The War on Facts
This year’s ESPE seminar series will focus on the misinformation campaign surrounding climate change and the consequences of this. I’ve lined up three amazing speakers who have worked on this issue from different perspectives (journalism, law, and science). There has been considerable news surrounding this recently with both the IPCC and 4th National Climate Assessment reports released in the past months. All talks will be at 7:00 p.m., either in the Nott Memorial or in Olin 115.
Wednesday, January 16 (Olin 115)
American Exceptionalism: How the U.S. became a stronghold for climate denial.
Neela Banerjee will discuss the forces outside science–in industry and politics–that created this stunning anomaly of climate denial that is now a plank of the Republican Party and a touchstone of the White House. She will also discuss why InsideClimate (an independent, not-for-profit, non-partisan news organization) chose to look at these influences and how they went about their reporting. We can all speculate about the implications for humanity given this steadfast climate denial in such a broad swath of American society.
Neela Banerjee graduated from Yale University and is a senior reporter for Inside Climate News, which earned the Pulitzer Prize for National Reporting in 2013. In the past, she has worked for the LA times, NY Times and the Wall Street Journal covering topics related to global energy and the Iraq war. Together with her team she has uncovered Exxon’s early research on climate change, which was a finalist for the 2016 Pulitzer Prize for Public Service reporting and the recipient of nearly a dozen other journalism awards.
Wednesday, February 6 (Nott Memorial)
Climate Change Litigation in the Age of Trump
The Trump Administration has undertaken significant efforts to roll back climate change protections. These efforts have been roundly challenged in the courts. This talk will provide an overview of how recent climate change-related litigation has sought to defend existing federal climate change policies, advance new climate change protections, integrate climate change considerations into environmental review, and push for greater transparency from the Trump Administration. It will also explore how lawsuits have attempted to undermine climate-related protections and touch on recent trends in international climate change litigation.
Dena Adler is a Climate Law Fellow at the Sabin Center for Climate Change Law at Columbia Law School. She focuses on developing legal and regulatory tools to advance the efforts of governments and private actors to adapt to a changing climate and to mitigate the effects of climate change. She is particularly interested in cultivating solutions that can work cohesively across jurisdictional scales. As a climate Law Fellow, she authored a report on “US Climate Change Litigation in the Age of Trump: Year 1” and will soon follow up with a Year 2 report. She graduated with a joint JD-MEM from Yale in 2017. More information.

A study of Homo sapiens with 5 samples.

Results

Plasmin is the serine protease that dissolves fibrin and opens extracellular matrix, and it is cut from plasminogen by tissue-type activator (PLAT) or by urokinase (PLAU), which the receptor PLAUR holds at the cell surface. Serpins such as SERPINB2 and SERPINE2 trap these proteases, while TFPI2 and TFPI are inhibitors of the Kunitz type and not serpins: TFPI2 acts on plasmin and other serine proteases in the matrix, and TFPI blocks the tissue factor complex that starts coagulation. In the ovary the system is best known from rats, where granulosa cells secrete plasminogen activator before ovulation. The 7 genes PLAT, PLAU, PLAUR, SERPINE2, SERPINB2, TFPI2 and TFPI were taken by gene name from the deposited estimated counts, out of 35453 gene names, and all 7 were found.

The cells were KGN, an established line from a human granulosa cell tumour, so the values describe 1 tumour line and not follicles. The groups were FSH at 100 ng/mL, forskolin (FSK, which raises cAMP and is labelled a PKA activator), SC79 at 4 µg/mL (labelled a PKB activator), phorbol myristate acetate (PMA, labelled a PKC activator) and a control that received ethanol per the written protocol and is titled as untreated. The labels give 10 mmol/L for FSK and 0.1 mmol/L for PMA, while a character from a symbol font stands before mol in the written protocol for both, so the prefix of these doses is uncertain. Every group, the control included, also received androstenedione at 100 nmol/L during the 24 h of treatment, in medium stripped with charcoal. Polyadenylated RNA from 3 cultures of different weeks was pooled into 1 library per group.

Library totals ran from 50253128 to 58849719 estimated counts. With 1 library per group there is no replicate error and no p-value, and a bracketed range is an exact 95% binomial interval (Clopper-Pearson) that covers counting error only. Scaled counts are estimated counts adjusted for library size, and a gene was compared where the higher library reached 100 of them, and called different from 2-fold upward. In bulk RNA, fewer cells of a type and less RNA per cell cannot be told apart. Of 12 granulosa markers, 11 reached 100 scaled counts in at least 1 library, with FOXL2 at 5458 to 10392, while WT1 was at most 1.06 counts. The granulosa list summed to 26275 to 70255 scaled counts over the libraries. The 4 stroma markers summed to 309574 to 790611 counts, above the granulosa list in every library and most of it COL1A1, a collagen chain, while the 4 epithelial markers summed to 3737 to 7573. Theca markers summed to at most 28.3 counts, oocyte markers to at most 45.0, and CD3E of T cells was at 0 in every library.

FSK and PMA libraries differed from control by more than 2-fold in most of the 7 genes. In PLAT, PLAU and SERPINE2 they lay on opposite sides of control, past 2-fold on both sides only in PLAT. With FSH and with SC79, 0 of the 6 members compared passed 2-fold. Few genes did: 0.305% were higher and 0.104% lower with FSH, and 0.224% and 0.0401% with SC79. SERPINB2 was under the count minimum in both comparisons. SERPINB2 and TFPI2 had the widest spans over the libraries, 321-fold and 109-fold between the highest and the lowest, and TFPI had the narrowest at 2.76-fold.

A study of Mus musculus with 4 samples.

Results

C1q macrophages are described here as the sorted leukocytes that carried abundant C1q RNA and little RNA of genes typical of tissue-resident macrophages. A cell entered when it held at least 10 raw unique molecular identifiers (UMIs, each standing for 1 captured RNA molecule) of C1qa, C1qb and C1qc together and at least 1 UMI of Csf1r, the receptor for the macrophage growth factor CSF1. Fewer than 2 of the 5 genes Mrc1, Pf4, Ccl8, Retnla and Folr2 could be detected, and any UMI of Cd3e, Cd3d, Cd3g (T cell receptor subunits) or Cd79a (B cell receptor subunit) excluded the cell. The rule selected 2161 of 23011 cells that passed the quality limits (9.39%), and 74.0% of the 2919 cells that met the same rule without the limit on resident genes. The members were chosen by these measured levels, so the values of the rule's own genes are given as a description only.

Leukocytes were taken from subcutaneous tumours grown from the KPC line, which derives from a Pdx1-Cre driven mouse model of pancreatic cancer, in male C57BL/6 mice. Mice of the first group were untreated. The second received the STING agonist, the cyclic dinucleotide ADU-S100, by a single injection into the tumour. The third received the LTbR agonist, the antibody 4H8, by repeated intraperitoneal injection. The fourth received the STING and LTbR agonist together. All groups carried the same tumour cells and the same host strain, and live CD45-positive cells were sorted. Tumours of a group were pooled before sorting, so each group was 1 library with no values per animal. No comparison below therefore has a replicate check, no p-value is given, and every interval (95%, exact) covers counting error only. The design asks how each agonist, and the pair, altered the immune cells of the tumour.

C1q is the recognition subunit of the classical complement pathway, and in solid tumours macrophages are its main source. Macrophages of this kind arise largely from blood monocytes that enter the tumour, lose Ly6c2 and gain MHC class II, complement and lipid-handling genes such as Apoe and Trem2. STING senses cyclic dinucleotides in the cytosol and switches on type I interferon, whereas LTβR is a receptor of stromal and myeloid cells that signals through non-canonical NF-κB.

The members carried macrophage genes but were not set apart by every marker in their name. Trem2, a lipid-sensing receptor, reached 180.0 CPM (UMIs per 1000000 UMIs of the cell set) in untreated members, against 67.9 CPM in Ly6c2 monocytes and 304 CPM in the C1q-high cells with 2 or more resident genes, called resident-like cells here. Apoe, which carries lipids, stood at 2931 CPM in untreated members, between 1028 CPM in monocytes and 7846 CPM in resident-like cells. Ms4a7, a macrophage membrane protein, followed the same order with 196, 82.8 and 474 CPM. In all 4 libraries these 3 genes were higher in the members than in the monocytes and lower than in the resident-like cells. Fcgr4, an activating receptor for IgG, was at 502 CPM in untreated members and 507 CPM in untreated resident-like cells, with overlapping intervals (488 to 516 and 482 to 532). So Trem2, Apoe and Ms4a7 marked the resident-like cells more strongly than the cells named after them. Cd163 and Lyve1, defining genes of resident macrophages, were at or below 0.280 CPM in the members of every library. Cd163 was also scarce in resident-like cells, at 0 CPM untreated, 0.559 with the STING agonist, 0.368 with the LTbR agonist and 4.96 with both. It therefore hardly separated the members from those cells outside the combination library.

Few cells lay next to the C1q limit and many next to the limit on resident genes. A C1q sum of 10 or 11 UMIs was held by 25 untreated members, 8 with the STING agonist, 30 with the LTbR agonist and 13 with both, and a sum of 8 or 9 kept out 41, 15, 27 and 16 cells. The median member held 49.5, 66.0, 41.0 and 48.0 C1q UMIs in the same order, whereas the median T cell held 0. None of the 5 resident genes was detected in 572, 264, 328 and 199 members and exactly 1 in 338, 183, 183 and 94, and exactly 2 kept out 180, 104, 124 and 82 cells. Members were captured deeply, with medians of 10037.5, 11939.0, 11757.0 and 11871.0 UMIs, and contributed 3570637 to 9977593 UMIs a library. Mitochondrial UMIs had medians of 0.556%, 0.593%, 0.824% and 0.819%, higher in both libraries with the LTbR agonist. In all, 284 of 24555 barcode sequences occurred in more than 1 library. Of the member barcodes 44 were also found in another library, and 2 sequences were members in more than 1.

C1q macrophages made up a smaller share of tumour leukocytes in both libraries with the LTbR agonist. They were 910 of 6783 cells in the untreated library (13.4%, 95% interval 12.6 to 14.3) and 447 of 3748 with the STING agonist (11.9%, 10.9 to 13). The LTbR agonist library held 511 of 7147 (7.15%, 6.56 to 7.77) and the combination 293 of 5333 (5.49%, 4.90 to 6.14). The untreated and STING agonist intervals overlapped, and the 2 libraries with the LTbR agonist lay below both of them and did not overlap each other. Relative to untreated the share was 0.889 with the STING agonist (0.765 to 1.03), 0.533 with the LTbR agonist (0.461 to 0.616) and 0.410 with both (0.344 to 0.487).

Wednesday, February 20 (Nott Memorial)
Global temperatures have risen by ~1°C since the end of the 19th century. The last few years have been the warmest on record, and the last decade was the warmest, globally, for many centuries. These changes are driven by the accumulation of greenhouse gases in the atmosphere, mainly due to the burning of fossil fuels. As a result, in 2018, CO2 levels surpassed 410 parts per million for the first time in over 3 million years.
Almost every national science academy and scientific organization has accepted the evidence for human-induced global warming, yet many influential politicians dismiss the scientific reality and so political action to reduce carbon emissions has stalled in Congress. While politicians sit on their hands and do little to help control CO2 emissions, the levels of carbon dioxide and other greenhouse gases in the atmosphere continue to increase. More heat accumulates in the oceans, ocean acidification increases and sea-level keeps rising as glaciers and ice caps melt.
Meanwhile, the rest of the world has recognized the reality of global warming and acknowledged the real dangers that it poses for the future. Although taking steps to address the matter is difficult, many countries (and states) have embraced the opportunity to reduce energy consumption, implement conservation strategies and promote new technologies that involve energy production from non-carbon based fuels. Politicians who embrace these strategies represent the future. Those who don’t will simply become footnotes in history.
Ray Bradley is a University Distinguished Professor in the Department of Geosciences, and Director of the Climate System Research Center at the University of Massachusetts, Amherst. Bradley’s research focuses on climate variability, and understanding the causes of climatic change. He was a co-author on the paper that presented the “hockey-stick model”, which became a focal point of attacks from climate change “skeptics”, eventually leading to an investigation by a congressional committee. Bradley’s personal experience of being a target during this politically instigated controversy is recounted in one of his many books “Global Warming and Political Intimidation”. More information.